Calloway County to receive more than $2.2 million for clean water projects

cash money (Source: Pixabay)
cash money (Source: Pixabay)

(KBSI) – More than $217 million in funding to support 408 projects that will provide clean drinking water and improve water infrastructure across 102 counties in Kentucky.

The $217,200,881 in funding comes from the second round of Kentucky Gov. Andy Beshear’s Cleaner Water Program.

About 1,500 unserved and 38,000 underserved homes will benefit from the water and sewer line projects. That does not include the Kentuckians who will benefit from projects like water and sewer treatment plant projects or water tank projects.

Calloway County will receive more than $2.2 million in funding for three projects. One of those projects will deliver clean water to 60 homes that currently don’t have water service. Another project will deliver clean water to 23 homes that currently rely on wells for their water.

Other projects across the state are in Pike, Barren and Campbell counties.

Gov. Beshear’s Better Kentucky Plan is creating 14,500 jobs and helping to build better schools, expand access to high-speed internet, improve infrastructure and deliver clean drinking water and quality sewer systems across Kentucky.

The Cleaner Water Program was allocated $500 million by the state legislature since 2021. The total amount of round two funding is $249,925,000, meaning there is still more than $32,000 remaining to be awarded. The 2022 funding will be allocated based on each county’s proportion of the state’s population, with the exception of Jefferson County’s share, which is discounted by 50% based on its high per capita allocation from the federal act.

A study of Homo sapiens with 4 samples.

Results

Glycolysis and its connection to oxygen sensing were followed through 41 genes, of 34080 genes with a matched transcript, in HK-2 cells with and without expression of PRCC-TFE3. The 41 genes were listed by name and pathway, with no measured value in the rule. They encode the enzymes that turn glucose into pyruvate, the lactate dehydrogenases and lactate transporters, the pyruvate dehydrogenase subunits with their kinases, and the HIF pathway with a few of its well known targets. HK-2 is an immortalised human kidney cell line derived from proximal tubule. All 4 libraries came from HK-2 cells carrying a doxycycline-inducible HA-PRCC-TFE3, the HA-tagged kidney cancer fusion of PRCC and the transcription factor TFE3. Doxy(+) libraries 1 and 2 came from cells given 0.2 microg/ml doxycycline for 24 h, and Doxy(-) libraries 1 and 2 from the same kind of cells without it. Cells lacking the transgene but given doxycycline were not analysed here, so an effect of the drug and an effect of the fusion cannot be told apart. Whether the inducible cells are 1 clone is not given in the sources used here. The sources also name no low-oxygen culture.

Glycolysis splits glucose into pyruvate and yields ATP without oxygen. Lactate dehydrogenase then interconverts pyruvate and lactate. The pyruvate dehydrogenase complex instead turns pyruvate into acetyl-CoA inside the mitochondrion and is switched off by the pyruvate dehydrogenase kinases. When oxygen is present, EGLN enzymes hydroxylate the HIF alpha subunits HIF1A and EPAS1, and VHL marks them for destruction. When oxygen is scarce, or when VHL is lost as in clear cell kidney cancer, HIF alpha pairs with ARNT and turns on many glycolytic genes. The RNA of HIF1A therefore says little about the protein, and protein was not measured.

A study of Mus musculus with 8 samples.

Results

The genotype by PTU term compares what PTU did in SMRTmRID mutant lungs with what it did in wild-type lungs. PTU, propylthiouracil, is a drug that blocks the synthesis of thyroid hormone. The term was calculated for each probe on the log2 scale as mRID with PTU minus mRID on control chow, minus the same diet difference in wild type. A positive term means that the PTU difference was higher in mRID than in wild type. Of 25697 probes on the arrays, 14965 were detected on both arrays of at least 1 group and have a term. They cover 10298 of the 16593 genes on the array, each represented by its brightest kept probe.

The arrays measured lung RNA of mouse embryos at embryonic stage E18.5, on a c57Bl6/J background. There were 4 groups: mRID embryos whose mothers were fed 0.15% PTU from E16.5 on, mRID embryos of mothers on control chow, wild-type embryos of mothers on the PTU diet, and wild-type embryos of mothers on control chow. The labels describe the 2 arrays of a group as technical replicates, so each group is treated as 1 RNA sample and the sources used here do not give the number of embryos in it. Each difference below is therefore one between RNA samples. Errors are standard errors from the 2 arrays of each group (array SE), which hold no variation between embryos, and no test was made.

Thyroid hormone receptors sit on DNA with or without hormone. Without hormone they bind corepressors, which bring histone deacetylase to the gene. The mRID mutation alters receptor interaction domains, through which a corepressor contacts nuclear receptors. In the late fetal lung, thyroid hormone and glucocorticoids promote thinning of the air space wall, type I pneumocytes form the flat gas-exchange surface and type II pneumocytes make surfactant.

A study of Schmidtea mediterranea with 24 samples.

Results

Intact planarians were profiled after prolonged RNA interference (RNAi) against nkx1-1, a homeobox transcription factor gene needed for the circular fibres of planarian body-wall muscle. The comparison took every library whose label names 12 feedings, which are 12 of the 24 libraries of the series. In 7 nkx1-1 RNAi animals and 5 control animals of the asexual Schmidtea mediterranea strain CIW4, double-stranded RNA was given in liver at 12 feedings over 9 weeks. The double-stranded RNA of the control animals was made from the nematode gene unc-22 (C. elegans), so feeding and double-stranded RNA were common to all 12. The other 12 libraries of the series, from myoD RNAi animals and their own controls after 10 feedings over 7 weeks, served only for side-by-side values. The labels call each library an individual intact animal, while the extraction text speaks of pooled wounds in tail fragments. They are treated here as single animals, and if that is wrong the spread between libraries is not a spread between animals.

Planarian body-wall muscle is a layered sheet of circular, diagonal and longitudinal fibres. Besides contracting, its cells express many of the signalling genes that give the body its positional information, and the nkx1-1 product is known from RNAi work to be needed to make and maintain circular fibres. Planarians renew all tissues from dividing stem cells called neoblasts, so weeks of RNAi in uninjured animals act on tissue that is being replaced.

Tap here to view a list of the allocations by county. Every county will receive funding once all the money is allocated.

In July, Gov. Beshear announced the final 29 projects that were allocated funding from the first round of the Cleaner Water Program and announced the call for projects for round two. These 408 projects were selected for funding after Gov. Beshear announced new project submissions were being accepted. All grant awardees must obligate the funds by Dec. 31, 2024.

The American Society of Civil Engineers in 2019 projected that Kentucky faces nearly $14.5 billion in water/wastewater infrastructure needs over the next 20 years, including over $8.2 billion in drinking water upgrades and $6.2 billion in sewer system improvements.